Tuesday, December 16, 2014
Film Review: Scrooge (A Christmas Carol)
Charles Dickens's "A Christmas Carol" is a very familiar story yet it is one of the few stories that manages to "get me" every time. I have seen various adaptations of the story over the years, from "Mickey's Christmas Carol" (1983) to live stage productions. Here in Chicago, it is part of a Chicago tradition to see the Goodman Theater's production during the Christmas season, to various film adaptations. And, no matter the adaptation, the story always brings me to tears.
Number one, it is not often I admit that and number two it is not often to come across a story that can do that. No matter how many times I see this story, it has that strong emotional effect on me. It would seem to me, there just isn't any way you can get this story wrong. It is too good.
What effects me, and I would imagine effects others as well, is the message of the story. To show goodness and kindness towards man. Not just during Christmas but throughout the year. Life may deal us some serious blows, without question life is a miserable experience, a grueling struggle, but we cannot allow ourselves to become so jaded that hatred fills our hearts. Greed and corruption mustn't consume us (we aren't politicians after all). We must live a life of dignity and generosity.
Most American movie critics (sheep) and the public like to refer to this British adaptation as the definitive screen version. Released in Britain under the title "Scrooge" in 1951, it was released in the U.S. under the title "A Christmas Carol". Actually I am not as familiar with this version as I am the 1938 screen adaptation starring Reginald Owen. That was the version we would watch growing up. It was my late grandmother's favorite movie. She would watch it any time of the year. It became part of our Christmas tradition.
Nearly everyone should, on some level, be familiar with this classic Dickens story, so, I won't go into much detail over the plot. Instead I'll just focus on observations.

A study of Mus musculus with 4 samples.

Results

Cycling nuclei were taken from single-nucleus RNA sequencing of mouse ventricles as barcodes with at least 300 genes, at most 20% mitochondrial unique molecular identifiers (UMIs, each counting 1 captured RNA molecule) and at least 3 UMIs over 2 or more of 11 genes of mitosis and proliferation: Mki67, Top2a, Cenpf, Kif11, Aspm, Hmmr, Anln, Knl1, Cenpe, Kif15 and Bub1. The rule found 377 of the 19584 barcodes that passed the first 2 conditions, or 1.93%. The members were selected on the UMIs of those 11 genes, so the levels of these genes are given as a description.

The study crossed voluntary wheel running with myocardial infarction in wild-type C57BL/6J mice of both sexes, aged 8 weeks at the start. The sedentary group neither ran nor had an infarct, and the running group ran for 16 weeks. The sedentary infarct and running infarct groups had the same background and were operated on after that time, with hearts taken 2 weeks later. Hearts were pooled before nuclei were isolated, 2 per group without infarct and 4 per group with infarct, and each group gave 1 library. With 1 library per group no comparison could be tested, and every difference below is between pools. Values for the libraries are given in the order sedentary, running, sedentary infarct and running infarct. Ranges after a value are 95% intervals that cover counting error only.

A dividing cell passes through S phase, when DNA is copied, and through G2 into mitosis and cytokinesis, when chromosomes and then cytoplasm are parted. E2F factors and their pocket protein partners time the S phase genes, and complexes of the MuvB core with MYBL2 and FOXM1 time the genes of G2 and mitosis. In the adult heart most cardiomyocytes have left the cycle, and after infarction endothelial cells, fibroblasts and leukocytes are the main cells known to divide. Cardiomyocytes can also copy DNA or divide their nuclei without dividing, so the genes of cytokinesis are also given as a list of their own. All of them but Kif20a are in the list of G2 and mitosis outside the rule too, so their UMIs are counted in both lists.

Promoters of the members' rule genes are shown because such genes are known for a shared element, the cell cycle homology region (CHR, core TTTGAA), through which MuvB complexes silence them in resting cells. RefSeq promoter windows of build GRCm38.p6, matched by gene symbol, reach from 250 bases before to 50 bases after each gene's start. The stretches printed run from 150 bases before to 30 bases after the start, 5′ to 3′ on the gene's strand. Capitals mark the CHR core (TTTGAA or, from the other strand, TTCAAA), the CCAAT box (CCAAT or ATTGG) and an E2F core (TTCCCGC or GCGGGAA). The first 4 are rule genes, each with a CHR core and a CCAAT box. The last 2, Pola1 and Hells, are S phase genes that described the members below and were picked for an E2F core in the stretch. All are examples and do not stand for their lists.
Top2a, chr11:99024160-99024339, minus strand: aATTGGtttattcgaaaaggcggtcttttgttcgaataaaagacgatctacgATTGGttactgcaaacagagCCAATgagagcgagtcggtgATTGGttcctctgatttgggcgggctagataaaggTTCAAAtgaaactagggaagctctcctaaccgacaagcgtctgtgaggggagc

Initially the viewer notices the approach actor Alastair Sim has taken in his role of Ebenezer Scrooge. Sim, who was a well known character actor in British cinema, gives the character a bit of a comic, sardonic edge. Sim and director, Brian Desmond Hurst, try to find the comedic nature in the miserable old man. After Scrooge is met by the spirits does Sim give a more dramatic performance and by the end of the movie reverts back to a comical nature.
Something that really stuck out to me, and I am not sure why I hadn't noticed it before, is the lack of Liberal, secular Christmas symbols. There is no Santa Claus, no Frosty the Snowman. There is a moment when one of the spirits mentions a baby born in Bethlehem, of course a reference to Jesus Christ, which is suppose to be what Christmas is about, before retailers got their hands on it.
A lot of people mention the "dark nature" of this movie. They believe it is more mature than other adaptations. They believe it is more in-depth. I don't quite agree, but, I'm normally someone that doesn't follow the masses, so, I'm not the best barometer of public opinion.
"Scrooge" is a fine movie. As I say, it is difficult to not find the humanity in this story. The story is what carries each and every adaptation through.